On Becoming an Essentialist vs. a Nonessentialist

My sister gave me a copy of the book Essentialism: The Disciplined Pursuit of Less by Greg Mckeown for Christmas and I had put on the night table beside my bed.  I had a number of books to finish and so postponed starting it until two weeks ago.

It was a good thing that I began to read it sooner than later. It has helped open my eyes. I like several key messages which are so true. These are some of the ones that resonate.

Yes, I want to be an essentialist! Am I investing myself in the right activities? Which problem or opportunity do I want? That depends on what my immediate, short-term and long-term goals are. I suppose that I was, sometimes still am, guilty of wanting to have it all. With limited resources, time being the most important, I must admit that it makes sense to make hard choices about what to focus on. This starts with discerning my most important goals, and activities follow. Less but better. There’s no point in trying to do to many things and not doing well in the most critical ones. Better to focus on a few that make a difference and where I can make a difference.

Cut out the trivial many. This will be quite a challenge. After taking the HarvardX Course on Unlocking the Immunity to Change: A new Approach to Personal Improvement, one of the the things I realized was that I just had too many activities lined up and it wasn’t easy to decide which were real priotities. Now, also realizing that, let’s face it, the reality is such that there are always trade-offs and that we can’t choose to do everything, I’m able to help myself eliminate more of the activities that matter less.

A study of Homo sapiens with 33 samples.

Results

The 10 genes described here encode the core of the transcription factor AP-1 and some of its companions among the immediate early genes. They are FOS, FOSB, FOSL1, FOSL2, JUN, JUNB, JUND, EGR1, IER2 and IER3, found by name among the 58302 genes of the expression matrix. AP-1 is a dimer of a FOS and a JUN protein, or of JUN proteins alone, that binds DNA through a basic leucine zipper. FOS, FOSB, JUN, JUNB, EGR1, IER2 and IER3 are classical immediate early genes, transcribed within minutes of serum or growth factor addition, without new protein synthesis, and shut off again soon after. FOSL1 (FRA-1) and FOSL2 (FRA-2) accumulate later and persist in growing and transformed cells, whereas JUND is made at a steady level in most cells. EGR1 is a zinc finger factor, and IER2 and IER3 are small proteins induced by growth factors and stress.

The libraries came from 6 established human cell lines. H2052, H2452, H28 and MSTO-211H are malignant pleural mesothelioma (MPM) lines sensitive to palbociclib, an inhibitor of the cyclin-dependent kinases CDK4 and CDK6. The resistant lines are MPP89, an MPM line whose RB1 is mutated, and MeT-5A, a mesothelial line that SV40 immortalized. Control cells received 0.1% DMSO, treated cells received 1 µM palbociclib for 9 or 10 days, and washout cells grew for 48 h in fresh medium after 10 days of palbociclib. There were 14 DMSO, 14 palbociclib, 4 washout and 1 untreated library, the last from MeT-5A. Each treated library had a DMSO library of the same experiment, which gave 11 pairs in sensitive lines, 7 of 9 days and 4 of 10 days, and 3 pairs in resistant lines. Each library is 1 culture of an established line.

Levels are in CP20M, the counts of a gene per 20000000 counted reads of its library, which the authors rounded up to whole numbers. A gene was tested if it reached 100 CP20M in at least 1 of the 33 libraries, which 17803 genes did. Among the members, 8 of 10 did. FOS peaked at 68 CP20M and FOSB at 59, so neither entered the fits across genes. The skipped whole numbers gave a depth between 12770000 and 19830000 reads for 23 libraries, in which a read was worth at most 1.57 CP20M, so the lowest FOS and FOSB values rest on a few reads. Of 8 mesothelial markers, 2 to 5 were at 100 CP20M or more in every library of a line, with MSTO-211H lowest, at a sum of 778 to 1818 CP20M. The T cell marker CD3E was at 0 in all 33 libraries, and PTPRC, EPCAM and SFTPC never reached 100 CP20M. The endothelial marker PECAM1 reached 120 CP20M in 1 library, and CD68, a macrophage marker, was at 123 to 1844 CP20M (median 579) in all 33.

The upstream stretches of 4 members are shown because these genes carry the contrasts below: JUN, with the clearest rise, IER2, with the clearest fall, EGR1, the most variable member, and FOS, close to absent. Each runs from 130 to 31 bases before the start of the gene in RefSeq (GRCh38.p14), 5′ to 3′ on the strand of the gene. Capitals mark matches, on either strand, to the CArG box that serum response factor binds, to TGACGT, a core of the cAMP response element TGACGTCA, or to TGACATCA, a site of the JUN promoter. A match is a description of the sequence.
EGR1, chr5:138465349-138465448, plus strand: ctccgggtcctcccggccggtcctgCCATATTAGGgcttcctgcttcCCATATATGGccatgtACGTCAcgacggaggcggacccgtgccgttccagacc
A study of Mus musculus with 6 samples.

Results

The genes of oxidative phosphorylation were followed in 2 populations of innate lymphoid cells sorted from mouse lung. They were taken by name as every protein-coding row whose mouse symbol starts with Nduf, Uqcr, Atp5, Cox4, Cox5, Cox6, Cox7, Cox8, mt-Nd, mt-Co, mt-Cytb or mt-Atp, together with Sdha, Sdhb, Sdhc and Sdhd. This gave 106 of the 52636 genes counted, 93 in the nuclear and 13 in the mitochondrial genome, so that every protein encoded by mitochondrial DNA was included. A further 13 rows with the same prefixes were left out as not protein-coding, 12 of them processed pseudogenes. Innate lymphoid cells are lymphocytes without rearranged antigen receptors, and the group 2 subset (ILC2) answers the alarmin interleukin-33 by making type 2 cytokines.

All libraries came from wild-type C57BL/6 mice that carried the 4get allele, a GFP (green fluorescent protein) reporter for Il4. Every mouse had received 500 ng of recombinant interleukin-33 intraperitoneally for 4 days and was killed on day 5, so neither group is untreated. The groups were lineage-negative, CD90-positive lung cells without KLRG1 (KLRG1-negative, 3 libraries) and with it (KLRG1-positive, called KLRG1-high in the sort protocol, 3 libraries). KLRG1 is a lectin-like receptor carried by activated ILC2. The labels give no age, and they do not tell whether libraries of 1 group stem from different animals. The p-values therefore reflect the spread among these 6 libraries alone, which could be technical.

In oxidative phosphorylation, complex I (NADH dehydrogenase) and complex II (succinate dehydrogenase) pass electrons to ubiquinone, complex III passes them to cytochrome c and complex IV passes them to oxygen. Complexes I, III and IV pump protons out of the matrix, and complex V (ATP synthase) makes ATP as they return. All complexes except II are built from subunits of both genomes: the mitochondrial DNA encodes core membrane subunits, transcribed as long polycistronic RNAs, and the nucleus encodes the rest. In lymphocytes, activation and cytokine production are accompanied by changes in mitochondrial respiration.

Now, this one is a gem among gems. Apparently, Peter Drucker had told Jim Collins, author of the business classic Good to Great, that he could either build a great company or build great ideas but not both, and that Collins chose ideas. McKeown continues with the observation that Collins still has only three full-time employees in his company, yet his ideas have reached millions of people through his writing. I started to think, well couldn’t he do both? Hold on, that’s precisely how a nonessentialist thinks: I can do both. Again, there are, and will be, trade offs. So, better to make a choice, avoid spreading oneself too thin, and instead to maximize one’s success and contribution. Less is better. Less is more.

Create space to escape and explore life. Space to read. Space to concentrate. Space to think. This I think I am a little better at, but there is always room for improvement. It’s encouraging to know that some very well known and famous entrepreneurs deliberately carve out such space regulary to help them refresh themselves, discover new ideas, and learn new things. A good tip is to plan and schedule creating space in your calendar and stick to it.

I have a long way to go to being a true essentialist, one who thinks that almost everything is nonessential and being able to distinguish between the vital few from the trivial many. I am nevertheless happy that I’ve become more self aware of my nonessentialist beliefs, assumptions, and actions.  Telling myself that my “big” nonessentialist assumptions are not true (e.g., “Everything is important. I can do everything.”),  I can gain distance from them, test and modify them.  I can be less captive of my big assumptions, overcome my immunity to change in this area, and move a few steps closer to an essentialist “self-authoring mind.”